ACM Transactions on

Human-Robot Interaction (THRI)

Latest Articles

The impact of intergroup bias on trust and approach behaviour towards a humanoid robot

Understanding agency in interactions between children with autism and socially assistive robots

A new UGV teleoperation interface for improved awareness of network connectivity and physical surroundings

How should a robot approach two people?

Touching a mechanical body


In January 2018, the Journal of Human-Robot Interaction (JHRI) became an ACM publication and has been rebranded as the ACM Transactions on Human-Robot Interaction (THRI). It will continue to be open access, fostering the widest possible readership of HRI research and information. All issues will be available in the ACM Digital Library. Read more here.


Special issue on Artificial Intelligence for Human-Robot Interaction (AI-HRI)

Developing such systems often involves innovations and integrations between many deep and diverse technical areas, including but not limited to task and motion planning, learning from demonstration, dialogue synthesis, activity recognition and prediction, human behavior modeling, and shared control. For this special issue we are soliciting high quality, original articles that present the design and/or evaluation of novel computational techniques and systems at the intersection of artificial intelligence and human-robot interaction research. We aim to bring together a wide variety of articles to showcase the state-of-the-art in AI-HRI within a single issue of the world's leading journal of Human-Robot Interaction research. Read more here.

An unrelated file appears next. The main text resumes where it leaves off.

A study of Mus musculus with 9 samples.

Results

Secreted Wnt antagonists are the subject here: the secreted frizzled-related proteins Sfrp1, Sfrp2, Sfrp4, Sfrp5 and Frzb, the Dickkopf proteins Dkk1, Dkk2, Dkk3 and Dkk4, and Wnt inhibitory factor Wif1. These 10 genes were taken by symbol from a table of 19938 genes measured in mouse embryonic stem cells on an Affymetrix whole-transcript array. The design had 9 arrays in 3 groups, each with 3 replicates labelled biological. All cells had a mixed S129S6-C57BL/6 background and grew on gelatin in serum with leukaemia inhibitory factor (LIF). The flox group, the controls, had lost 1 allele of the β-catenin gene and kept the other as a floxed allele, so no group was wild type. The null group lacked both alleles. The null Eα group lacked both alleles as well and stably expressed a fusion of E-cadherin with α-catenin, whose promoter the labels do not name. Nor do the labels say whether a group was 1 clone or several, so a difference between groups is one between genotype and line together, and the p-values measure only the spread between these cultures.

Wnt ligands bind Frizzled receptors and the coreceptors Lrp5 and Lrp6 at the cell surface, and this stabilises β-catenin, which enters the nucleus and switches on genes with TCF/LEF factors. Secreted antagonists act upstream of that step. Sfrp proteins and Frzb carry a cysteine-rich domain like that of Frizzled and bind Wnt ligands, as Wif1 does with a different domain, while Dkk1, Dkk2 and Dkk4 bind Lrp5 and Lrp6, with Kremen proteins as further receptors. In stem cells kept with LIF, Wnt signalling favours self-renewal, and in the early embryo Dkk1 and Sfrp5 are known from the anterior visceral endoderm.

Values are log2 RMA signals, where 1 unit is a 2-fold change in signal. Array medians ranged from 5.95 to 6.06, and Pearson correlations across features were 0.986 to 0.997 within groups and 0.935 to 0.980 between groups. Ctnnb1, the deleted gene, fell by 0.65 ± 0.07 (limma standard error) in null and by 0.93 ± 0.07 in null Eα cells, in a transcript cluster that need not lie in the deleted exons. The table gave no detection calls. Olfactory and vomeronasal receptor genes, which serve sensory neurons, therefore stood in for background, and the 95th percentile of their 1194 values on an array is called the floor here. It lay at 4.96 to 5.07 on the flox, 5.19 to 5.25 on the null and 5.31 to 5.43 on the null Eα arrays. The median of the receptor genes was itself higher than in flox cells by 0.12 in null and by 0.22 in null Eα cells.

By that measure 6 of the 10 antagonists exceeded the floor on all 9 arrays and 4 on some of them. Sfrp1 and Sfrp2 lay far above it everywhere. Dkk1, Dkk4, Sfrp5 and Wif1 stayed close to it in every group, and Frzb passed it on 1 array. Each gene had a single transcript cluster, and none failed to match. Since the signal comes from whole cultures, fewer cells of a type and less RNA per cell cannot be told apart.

Special issue on Representation Learning for Human and Robot Cognition

Intelligent robots are rapidly moving to the center of human environment; they collaborate with human users in different applications that require high-level cognitive functions so as to allow them to understand and learn from human behavior within different Human-Robot Interaction (HRI) contexts. To this end, a stubborn challenge that attracts much attention in artificial intelligence is representation learning, which refers to learning representations of data so as to efficiently extract relevant features for probabilistic, nonprobabilistic, or connectionist classifiers. This active area of research spans different fields and applications including speech recognition, object recognition, emotion recognition, natural language processing, language emergence and development, in addition to mirroring different human cognitive processes through appropriate computational modeling.  Read more here.